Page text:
Science: Why It’s Too Hot For Some Planes To Fly In The Southwest

By Marshall Shepherd, FORBES CONTRIBUTOR | JUNE 20, 2017
“I write about weather and climate related topics (and study them too)”

American Airlines canceled dozens of flights out of Phoenix on June 19 due to extreme heat. (AP Photo/Matt York)

The National Weather Service in Phoenix, Arizona confirmed on Tuesday morning that a record high temperature was set Monday June 19th. The temperature was 118 degrees F. This tied the record set only a year ago in 2016. The National Weather Service also tweeted this ominous statement

……If we hit our forecast highs Tuesday and Wednesday it would set 2 new records. #azheat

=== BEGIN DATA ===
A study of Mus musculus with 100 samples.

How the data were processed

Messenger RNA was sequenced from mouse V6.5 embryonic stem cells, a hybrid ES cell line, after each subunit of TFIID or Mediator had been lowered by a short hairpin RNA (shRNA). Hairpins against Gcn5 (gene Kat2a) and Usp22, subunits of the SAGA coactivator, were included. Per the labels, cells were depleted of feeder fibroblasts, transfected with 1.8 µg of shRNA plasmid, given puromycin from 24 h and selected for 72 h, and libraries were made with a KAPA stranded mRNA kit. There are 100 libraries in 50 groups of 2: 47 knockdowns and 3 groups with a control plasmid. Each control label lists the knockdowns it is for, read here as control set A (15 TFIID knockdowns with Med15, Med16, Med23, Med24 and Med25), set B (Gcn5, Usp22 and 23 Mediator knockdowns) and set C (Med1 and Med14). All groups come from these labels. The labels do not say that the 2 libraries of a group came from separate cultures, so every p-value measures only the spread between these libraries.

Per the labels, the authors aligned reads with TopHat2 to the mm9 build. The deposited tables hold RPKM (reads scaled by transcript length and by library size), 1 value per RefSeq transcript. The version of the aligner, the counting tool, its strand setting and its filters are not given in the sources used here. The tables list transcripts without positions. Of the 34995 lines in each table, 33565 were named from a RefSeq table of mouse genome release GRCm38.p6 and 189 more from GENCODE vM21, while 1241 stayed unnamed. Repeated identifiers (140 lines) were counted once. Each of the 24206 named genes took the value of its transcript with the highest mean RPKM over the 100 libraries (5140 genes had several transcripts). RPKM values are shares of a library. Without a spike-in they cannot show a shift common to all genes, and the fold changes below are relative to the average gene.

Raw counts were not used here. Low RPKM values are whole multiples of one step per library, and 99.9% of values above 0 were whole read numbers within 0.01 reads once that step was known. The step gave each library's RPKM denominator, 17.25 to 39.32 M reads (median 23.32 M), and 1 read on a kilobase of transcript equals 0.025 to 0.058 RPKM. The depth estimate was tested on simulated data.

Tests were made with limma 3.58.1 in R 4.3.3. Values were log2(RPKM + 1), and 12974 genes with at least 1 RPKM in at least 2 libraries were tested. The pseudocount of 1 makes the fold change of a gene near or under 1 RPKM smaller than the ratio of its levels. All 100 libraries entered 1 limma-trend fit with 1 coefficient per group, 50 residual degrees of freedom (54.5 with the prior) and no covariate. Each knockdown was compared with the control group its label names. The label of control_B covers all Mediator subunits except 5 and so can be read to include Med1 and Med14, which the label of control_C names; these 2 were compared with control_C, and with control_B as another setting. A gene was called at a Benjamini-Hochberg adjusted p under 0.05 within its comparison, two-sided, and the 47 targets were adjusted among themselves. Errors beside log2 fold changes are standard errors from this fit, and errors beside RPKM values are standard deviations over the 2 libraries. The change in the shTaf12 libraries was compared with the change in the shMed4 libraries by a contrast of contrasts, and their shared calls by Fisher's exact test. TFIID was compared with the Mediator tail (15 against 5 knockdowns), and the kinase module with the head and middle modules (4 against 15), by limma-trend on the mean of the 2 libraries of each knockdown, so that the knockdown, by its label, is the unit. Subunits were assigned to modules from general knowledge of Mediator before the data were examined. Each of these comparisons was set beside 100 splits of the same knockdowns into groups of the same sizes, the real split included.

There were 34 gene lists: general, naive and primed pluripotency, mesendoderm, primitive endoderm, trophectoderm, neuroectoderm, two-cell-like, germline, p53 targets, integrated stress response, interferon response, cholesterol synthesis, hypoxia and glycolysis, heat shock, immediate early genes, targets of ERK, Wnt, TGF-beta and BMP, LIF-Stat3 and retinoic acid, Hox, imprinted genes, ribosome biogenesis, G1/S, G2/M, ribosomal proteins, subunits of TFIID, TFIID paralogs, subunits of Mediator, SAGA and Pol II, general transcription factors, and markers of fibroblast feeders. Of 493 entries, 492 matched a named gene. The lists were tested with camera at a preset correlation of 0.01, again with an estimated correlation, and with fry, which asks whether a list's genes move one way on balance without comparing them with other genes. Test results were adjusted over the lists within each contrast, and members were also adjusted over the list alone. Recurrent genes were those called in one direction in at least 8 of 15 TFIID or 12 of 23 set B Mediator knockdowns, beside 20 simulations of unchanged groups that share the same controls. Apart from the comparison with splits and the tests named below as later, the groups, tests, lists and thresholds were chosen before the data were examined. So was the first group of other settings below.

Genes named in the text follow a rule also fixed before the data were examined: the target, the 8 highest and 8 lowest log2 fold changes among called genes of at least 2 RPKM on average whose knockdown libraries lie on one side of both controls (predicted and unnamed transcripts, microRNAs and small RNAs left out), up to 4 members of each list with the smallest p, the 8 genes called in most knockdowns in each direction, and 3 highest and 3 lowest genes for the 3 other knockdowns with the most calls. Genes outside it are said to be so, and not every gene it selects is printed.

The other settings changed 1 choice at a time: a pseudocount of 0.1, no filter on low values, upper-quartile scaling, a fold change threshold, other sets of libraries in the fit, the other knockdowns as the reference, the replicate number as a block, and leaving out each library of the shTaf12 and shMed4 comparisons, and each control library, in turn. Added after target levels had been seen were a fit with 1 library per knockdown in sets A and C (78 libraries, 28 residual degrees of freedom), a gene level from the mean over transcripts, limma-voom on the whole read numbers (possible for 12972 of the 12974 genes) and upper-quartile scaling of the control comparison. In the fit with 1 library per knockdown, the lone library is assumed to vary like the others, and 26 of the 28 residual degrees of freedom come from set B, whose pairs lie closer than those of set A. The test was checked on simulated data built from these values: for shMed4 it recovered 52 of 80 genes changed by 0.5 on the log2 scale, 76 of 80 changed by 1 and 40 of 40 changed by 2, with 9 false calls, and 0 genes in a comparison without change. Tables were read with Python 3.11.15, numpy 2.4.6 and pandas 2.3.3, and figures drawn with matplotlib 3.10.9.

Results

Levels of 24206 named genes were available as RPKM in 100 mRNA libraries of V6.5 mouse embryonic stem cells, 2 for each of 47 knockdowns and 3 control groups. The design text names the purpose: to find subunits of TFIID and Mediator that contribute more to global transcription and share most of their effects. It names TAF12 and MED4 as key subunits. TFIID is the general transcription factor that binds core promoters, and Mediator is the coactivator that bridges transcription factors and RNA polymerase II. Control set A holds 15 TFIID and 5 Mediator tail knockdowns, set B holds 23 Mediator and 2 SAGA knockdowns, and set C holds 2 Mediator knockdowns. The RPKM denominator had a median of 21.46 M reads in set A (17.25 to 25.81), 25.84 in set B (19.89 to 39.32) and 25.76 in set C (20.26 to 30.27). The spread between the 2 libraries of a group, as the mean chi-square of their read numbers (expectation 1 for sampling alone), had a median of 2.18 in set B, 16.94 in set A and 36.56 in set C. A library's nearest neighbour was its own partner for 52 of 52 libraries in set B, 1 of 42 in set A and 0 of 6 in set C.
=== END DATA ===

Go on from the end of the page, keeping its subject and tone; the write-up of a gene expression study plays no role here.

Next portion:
Across the southwest United States, heat experienced “less than once per year on average” is happening, and it is dangerous. Ironically, a new paper released Monday in the peer-review journal Nature Climate Change found that extreme heat like that being observed in the Southwest U.S. and in Portugal will become more common and intense. The study also finds that the number of people globally affected by 20 days or more of intense heatwaves (dangerous temperature and humidity) will jump from 1 in 4 currently to 3 out of 4 by 2100.

This is consistent with a 2016 National Academy of Science report that concluded that contemporary heatwaves are increasingly linked to climate change. Such heat is obviously a human health concern, but there is another disruption that you may not think about. Extreme heat affects air travel. Believe it or not, it is unsafe to operate many of the airplanes currently in use by major airlines when temperatures are this hot, and science explains why.